International political allies, charitable organizations, educational institutions—there seems to be no limit to the people and groups targeted for U.S. and British spying.
Technical bulletins from the Britain’s General Communications Headquarters released to the New York Times by ex-National Security Administration contractor and self-exiled whistleblower Edward Snowden show startlingly broad diversity in what the intelligence agencies considered fair game for eavesdropping.
While the names of some international leaders targeted for spying have already been revealed, most notoriously German Prime Minister Angela Merkel, a story published Friday by the New York Times lists even more, and hints that the GCHQ, working closely with the NSA, did more than just keep tabs on the times and dates of messages.
One bulletin lists the full content of texts sent by Mohamed Ibn Chambas, an official of the Economic Community of West African States, which promotes economic and industrial activities for 15 countries. Chambas’ communications, intercepted in August 2009, chronicle little more than mundane travel plans.
While it’s not clear if the content of the texts were placed in the report by accident, their existence seems to indicate that in at least some instances the spy agencies collected full transcripts of communications.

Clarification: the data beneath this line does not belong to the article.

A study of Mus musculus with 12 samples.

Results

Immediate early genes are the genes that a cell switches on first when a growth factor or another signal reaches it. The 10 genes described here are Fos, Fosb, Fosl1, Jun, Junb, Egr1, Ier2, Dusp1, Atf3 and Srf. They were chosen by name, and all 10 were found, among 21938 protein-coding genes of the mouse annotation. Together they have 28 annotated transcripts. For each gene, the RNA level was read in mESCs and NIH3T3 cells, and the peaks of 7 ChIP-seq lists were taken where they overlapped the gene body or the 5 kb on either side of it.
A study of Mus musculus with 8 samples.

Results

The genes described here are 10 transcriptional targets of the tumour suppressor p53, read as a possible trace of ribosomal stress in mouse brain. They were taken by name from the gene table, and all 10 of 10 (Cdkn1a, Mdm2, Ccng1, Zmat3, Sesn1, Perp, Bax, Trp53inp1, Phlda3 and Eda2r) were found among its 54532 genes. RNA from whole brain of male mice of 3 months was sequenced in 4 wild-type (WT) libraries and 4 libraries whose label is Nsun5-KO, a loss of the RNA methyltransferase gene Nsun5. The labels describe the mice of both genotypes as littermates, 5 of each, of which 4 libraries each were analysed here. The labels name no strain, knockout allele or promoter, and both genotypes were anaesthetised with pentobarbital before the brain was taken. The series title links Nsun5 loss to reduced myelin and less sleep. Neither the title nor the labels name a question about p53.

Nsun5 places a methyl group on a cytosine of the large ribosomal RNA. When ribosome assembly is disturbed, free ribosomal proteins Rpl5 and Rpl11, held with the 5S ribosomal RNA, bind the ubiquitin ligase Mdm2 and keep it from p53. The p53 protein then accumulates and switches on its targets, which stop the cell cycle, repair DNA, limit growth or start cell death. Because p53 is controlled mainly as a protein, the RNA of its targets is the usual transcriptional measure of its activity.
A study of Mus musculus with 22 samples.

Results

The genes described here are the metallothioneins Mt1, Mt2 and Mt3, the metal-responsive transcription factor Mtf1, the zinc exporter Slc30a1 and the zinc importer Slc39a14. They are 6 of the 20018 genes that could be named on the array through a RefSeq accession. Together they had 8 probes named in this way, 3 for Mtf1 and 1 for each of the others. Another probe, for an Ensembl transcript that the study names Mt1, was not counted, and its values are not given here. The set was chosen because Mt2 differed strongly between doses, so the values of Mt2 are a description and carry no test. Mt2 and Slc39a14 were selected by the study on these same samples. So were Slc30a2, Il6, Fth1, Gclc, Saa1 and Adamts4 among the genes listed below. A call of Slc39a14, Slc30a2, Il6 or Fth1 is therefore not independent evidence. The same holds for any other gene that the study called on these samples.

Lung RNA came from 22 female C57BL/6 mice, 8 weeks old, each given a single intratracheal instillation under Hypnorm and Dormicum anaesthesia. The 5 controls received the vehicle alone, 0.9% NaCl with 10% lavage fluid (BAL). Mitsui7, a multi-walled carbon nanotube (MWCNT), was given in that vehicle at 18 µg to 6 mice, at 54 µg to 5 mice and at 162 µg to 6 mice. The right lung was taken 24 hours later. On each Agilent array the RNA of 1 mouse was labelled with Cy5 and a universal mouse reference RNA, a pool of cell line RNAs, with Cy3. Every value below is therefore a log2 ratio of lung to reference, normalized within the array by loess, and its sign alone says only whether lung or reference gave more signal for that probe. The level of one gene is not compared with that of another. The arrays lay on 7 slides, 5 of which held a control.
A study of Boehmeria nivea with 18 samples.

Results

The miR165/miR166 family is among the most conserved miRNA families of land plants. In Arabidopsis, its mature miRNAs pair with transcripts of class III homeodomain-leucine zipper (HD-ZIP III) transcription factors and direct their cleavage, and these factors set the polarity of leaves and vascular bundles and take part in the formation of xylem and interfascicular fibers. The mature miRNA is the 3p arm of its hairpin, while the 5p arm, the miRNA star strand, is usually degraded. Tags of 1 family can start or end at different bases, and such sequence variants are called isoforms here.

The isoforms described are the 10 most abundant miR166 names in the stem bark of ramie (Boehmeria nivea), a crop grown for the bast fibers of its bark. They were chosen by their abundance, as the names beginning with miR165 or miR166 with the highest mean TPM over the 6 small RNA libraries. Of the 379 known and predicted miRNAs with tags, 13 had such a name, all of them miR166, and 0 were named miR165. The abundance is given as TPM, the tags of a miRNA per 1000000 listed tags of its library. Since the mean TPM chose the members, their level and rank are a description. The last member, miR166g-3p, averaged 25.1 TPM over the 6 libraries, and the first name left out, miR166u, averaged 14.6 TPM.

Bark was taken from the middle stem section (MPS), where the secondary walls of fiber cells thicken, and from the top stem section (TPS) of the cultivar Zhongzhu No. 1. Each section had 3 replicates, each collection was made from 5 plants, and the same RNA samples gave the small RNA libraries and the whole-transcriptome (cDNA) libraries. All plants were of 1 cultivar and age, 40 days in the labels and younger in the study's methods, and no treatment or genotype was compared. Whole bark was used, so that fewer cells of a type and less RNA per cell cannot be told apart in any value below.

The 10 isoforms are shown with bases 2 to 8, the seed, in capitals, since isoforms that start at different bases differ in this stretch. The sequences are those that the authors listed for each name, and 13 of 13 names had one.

The bulletins frequently did not indicate which agency—the NSA or the GCHQ—requested the surveillance, according to the New York Times.
Other targets listed by the newspaper include: Former Israeli Prime Minister Ehud Olmert, Israeli Defense Minister Ehud Barak, the Institute of Physics at the Hebrew University in Jerusalem, French oil and gas company Total and French electronics, logistics and transportation company Thales, a French ambassador, the German Embassy in Rwanda, and an “Estonian Skype security team.”
Charitable organizations including the United Nations Children’s Fund (Unicef), the United Nations Institute for Disarmament Research and Médecins du Monde, a medical relief organization that serves warzones were also targeted for spying.
Notably, Vice President of the European Commission Joaquin Almunia was additionally on the list. Almunia has been a prominent figure in European antitrust regulation, which has fined several prominent American companies including Intel and Microsoft.
An NSA spokeswoman told the New York Times the agency has never used intelligence gathering to benefit American business, but some economic spying is needed for national security.